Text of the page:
Who is the Holy Spirit?

The Spirit is as close to us as our nearest breath, and brings us into relationship with God and with one another.

Who is the Holy Spirit? We often have difficulty answering this question and perhaps are rightly suspicious of those who are only too eager with a response.

Yet the Spirit is as close to us as our nearest breath. The Hebrew word for “spirit” (ruach) means wind or breath of life — the animating power in people, animals, and even evil spirits. The same word is used for God’s life-giving presence in our lives, not just as a force but as God’s efficacious presence within and among us.

The Bible is most interested in how the Spirit — God’s life-giving presence — brings us into relationship with God and with one another. In Israel’s early stories, the Spirit comes upon leaders and kings at certain times, giving them charismatic, or compelling power to perform extraordinary feats. When David is anointed as king, the Spirit remains with him so that he can embody and represent Israel’s special relationship with God.


The Spirit is not just a charismatic Spirit. The Spirit is also an ethical Spirit who inspires prophets to speak truth to those in power — although we should note that the “classic” pre-exilic prophets (Amos, Hosea, Micah, Isaiah, and Jeremiah) appealed to God’s word (dabar) and not to God’s Spirit (ruach) when they spoke out against idolatry and injustice. Nonetheless, during Israel’s exile into Babylon, we find the Spirit explicitly linked with bringing justice not just to the nations, but to nature itself.


In Isaiah, the Spirit is an eschatological Spirit who will bring about a new messianic age in the line of David. Like a burning fire, the Spirit will cleanse the people of their sins, and in a final Exodus (that echoes Israel’s Exodus from Egypt) death itself will be overcome. A new creative act of God will bring about “a new heavens and a new earth” (Isa 65). Likewise, Ezekiel describes how the Spirit will revivify dry and dead bones, infusing the people with God’s life-giving presence.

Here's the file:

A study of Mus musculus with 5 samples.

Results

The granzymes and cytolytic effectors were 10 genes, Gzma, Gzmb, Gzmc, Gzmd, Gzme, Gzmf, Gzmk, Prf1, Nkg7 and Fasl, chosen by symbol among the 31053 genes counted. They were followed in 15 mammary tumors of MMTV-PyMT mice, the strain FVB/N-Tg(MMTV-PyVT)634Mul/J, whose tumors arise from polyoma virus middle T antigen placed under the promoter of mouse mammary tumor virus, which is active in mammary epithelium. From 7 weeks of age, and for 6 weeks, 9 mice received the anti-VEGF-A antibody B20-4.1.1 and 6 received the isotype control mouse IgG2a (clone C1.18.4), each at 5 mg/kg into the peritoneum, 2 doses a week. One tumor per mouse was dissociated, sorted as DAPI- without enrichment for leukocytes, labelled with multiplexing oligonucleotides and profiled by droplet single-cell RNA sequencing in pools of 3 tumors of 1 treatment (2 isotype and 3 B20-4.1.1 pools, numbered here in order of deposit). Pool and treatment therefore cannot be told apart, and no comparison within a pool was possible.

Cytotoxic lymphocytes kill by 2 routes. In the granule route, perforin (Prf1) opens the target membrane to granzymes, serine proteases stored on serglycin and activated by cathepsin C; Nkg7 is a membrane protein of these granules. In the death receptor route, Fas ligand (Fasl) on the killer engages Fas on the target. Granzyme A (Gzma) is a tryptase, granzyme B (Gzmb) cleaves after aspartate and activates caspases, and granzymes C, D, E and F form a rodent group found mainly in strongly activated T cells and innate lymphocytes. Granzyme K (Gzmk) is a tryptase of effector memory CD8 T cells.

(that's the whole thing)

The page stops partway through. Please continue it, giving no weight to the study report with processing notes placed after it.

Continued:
In turn, Jeremiah describes how the Torah will be written on people’s hearts. As Joel declares centuries later, the time will come when the Spirit will fill all people — including young and old, slaves and free persons, and men and women — in a way that is direct and enduring.


These images of the Spirit inform how the Gospels’ depict the Spirit’s presence in Jesus’ life. At his baptism, the Spirit descends on Jesus like a dove and a voice from heaven declares Jesus to be God’s chosen son. Echoing Isaiah, Jesus declares that the Spirit has empowered him “to bring good news to the oppressed, to bind up the brokenhearted, to proclaim liberty to the captives, and release to the prisoners” (Luke 4:18; see also Isa 61:1).

Through the Spirit, Jesus embodies the kingdom of God in his very person. Indeed, his intimacy with God is so complete that he surrenders to God’s will for him — even to the point of godforsakenness. As his followers would later interpret, in his crucifixion Jesus takes on our death, sin, and suffering so that God’s creative justice and righteousness can be embodied in our lives.

Yet his disciples soon witness to the Spirit’s raising Jesus from the dead. They also experience the presence and power of the Spirit within and among them. The book of Acts describes how, as Jesus had promised, the Spirit descends at Pentecost — with tongues of fire and a multiplicity of languages. Similarly, the Gospel of John describes how Jesus promises an Advocate or Comforter, who will guide us into all truth, enabling us to be born anew as children of God with the power to forgive sins.


In his letters, Paul describes how he was propelled by the Spirit to proclaim to Gentiles the good news about what God had done through Jesus the Messiah (or the Christ). For Paul, Jesus’ death and resurrection had inaugurated a new covenant: God’s promise of a new messianic age was now available to all people through faith in Jesus and in the Spirit’s power.

Through baptism into Christ’s death and resurrection, we too are given the same Spirit that was in Jesus — the Spirit that enabled him to have intimacy with the one he called “Abba.” Whether male or female, Jew or Greek, slave or free, we too have died to all other powers — including death, sin, and even the law — so that we can now can live out of Christ’s life, freed to be both more fully ourselves and to love and be of service to those around us.


The Spirit enables us to see and be transformed by the face of Christ as we see it mirrored in our own lives and in the lives of those around us.

Of course, all of this only takes place within the reality of our lives where there is no escape from suffering.  We too “groan” with the rest of creation in the midst of what often seems futile. Yet within that groaning — indeed, in the midst of every breath, even when we do not know how to pray — the Spirit intercedes for us with sighs too deep for words (Rom 8:26). Like a mother giving birth, the Spirit brings forth new life out of whatever it is that happening in our lives.

In the Spirit, our very bodies become conduit for the Spirit’s life-giving presence not only for ourselves but also for those around us.